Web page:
The Top 13 Critters To See Muck Diving
Soft-sediment sea beds may seem boring at first glance. But slow down and take a closer look, and you may spot one of these incredible critters
1 Bobbit worm
A nocturnal, sand-dwelling, carnivorous worm that in its own little way is the stuff of nightmares.
2 Mantis shrimp
There are 300 species of mantis shrimp and they all fashion elaborate burrows in rubble, sand or mud to provide protection from predators and to create an ambush point.
3 Moon-headed sidegill slug
Only comes to the surface of its sand or mud habitat at night.
4 Bobtail squid
The bobtail squid has disproportionately large eyes and use their ten arms to bury themselves beneath the sand and rubble by day and emerge to hunt at night.
5 mimic octopus
This garishly patterned cephalopod hunts in soft-sediment environs and takes refuge in any appealing abandoned hole or burrow it finds in the sand
6 Starry night octopus
Very shy of any light, this species is bright crimson, covered in white spots, and can be found prowling the sediment plains in search of bivalves and crustaceans.
Stargazers wriggle themselves into sediment soft enough to be displaced by their side to side rocking motion and shrugging twitches.
8 Ribbon eels
Juveniles are coal-black in colour, adult males are cobalt blue with a yellow snout and lower jaw, and transparent yellow, flared nostrils; adult females are completely golden yellow.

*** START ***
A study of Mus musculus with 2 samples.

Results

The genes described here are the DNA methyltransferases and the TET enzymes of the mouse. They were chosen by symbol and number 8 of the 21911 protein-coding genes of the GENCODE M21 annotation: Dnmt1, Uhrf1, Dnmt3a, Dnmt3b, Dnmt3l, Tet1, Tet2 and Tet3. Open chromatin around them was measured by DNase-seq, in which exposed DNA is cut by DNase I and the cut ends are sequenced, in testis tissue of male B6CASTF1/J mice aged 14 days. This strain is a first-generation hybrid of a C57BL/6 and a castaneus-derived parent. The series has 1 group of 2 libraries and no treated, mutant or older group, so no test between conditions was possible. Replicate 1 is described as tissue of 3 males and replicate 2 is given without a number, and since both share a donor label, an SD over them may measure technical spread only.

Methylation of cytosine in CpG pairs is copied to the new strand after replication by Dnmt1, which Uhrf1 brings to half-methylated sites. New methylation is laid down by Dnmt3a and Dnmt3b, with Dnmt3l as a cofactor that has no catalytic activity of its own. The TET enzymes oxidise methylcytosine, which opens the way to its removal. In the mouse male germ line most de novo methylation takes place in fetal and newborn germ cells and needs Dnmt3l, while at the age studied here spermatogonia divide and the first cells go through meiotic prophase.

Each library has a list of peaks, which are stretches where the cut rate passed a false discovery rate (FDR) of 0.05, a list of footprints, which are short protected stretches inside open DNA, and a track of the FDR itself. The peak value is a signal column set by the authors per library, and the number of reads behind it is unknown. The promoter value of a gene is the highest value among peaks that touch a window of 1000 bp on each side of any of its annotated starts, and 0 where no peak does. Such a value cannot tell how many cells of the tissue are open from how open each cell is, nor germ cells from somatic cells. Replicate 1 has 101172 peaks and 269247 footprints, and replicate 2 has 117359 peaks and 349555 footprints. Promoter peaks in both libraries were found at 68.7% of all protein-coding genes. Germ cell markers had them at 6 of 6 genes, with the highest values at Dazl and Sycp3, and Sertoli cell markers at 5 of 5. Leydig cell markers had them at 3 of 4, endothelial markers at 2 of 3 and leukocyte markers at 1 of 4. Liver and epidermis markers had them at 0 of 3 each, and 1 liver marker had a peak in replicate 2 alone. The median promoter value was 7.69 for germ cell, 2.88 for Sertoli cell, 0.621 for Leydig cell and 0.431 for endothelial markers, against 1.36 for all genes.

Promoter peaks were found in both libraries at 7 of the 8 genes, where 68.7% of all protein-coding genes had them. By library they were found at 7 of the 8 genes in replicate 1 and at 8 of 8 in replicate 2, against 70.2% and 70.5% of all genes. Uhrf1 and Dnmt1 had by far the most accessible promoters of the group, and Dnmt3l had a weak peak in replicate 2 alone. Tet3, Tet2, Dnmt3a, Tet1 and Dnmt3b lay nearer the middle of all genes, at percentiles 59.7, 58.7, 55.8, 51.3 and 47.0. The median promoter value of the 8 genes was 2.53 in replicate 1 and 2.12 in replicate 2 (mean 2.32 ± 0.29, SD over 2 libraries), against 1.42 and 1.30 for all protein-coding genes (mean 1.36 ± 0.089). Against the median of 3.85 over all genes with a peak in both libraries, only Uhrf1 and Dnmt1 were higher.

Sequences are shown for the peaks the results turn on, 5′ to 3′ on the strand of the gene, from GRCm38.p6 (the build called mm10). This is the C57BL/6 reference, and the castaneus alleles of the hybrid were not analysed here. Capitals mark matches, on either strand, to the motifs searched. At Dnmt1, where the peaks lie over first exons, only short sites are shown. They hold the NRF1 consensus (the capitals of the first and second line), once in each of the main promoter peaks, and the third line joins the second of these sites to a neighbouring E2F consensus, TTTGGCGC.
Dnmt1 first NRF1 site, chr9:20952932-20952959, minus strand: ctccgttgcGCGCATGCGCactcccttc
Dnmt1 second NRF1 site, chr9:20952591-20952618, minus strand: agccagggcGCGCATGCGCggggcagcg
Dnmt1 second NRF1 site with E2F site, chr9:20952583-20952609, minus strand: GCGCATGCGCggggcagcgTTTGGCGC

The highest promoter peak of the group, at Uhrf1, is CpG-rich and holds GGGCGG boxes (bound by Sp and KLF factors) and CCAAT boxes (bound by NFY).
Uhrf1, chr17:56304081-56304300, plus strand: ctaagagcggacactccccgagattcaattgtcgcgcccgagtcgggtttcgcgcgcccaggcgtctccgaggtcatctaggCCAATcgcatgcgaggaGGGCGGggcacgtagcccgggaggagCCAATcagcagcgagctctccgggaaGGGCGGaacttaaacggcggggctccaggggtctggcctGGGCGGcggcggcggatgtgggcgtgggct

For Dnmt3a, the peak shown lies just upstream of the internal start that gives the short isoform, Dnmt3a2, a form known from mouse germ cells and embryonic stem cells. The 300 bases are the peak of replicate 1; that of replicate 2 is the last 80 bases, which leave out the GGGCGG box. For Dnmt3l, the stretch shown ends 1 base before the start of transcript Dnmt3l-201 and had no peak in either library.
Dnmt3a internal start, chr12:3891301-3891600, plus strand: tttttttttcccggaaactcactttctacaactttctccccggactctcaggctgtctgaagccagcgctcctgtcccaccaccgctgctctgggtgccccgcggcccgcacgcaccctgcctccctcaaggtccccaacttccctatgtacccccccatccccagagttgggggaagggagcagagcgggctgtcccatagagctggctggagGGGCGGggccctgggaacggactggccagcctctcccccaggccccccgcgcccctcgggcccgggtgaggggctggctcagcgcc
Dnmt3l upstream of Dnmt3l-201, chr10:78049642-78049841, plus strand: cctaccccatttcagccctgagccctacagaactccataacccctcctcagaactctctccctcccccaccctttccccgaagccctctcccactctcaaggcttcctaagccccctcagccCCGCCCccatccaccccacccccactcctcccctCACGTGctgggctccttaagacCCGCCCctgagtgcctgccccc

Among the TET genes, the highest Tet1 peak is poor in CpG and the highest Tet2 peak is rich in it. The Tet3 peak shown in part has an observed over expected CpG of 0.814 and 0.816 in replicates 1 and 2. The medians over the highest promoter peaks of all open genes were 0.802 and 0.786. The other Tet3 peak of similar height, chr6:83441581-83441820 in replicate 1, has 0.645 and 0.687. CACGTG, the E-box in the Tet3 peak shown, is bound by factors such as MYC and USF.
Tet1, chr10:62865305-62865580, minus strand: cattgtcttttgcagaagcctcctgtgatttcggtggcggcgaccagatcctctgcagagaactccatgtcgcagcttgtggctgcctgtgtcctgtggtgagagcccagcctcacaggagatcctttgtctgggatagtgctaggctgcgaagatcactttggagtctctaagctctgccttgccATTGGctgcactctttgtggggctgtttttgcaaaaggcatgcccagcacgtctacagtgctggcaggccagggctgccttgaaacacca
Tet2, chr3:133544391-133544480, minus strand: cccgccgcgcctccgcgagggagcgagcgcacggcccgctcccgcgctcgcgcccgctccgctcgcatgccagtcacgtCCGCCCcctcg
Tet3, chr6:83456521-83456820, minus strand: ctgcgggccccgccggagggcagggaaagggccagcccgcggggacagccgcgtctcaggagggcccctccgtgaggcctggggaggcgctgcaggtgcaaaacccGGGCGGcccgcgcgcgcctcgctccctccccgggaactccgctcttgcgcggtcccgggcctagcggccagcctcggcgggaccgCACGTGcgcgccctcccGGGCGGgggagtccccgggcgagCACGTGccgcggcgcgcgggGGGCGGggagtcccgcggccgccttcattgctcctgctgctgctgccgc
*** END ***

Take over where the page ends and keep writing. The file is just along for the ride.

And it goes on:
9 Garden eels
Garden eels live in colonies of up to a few hundred individuals, all inhabiting holes spaced in close proximity to each other.
10 Snake eels
There are more than 300 species of snake eel, which vary in size from 10cm to 1m in length.
11 Sand divers
When danger threatens, the sand divers will dive into the sand and disappear, with only their eyes and snout discernable among the bottom topography.
12 Convict fish
It is extremely difficult to find the adult convict fish, but seeing its offspring is easy. Juvenile convict fish aggregate in vast clouds over soft-sediment habitats.
They are workaholic diggers, shoveling mouthfuls of sand and rubble until they have created a vertical tunnel leading to a subterranean burrow.
For more about critters to spot while muck diving, see DIVE's October 2013 issue of Water Column.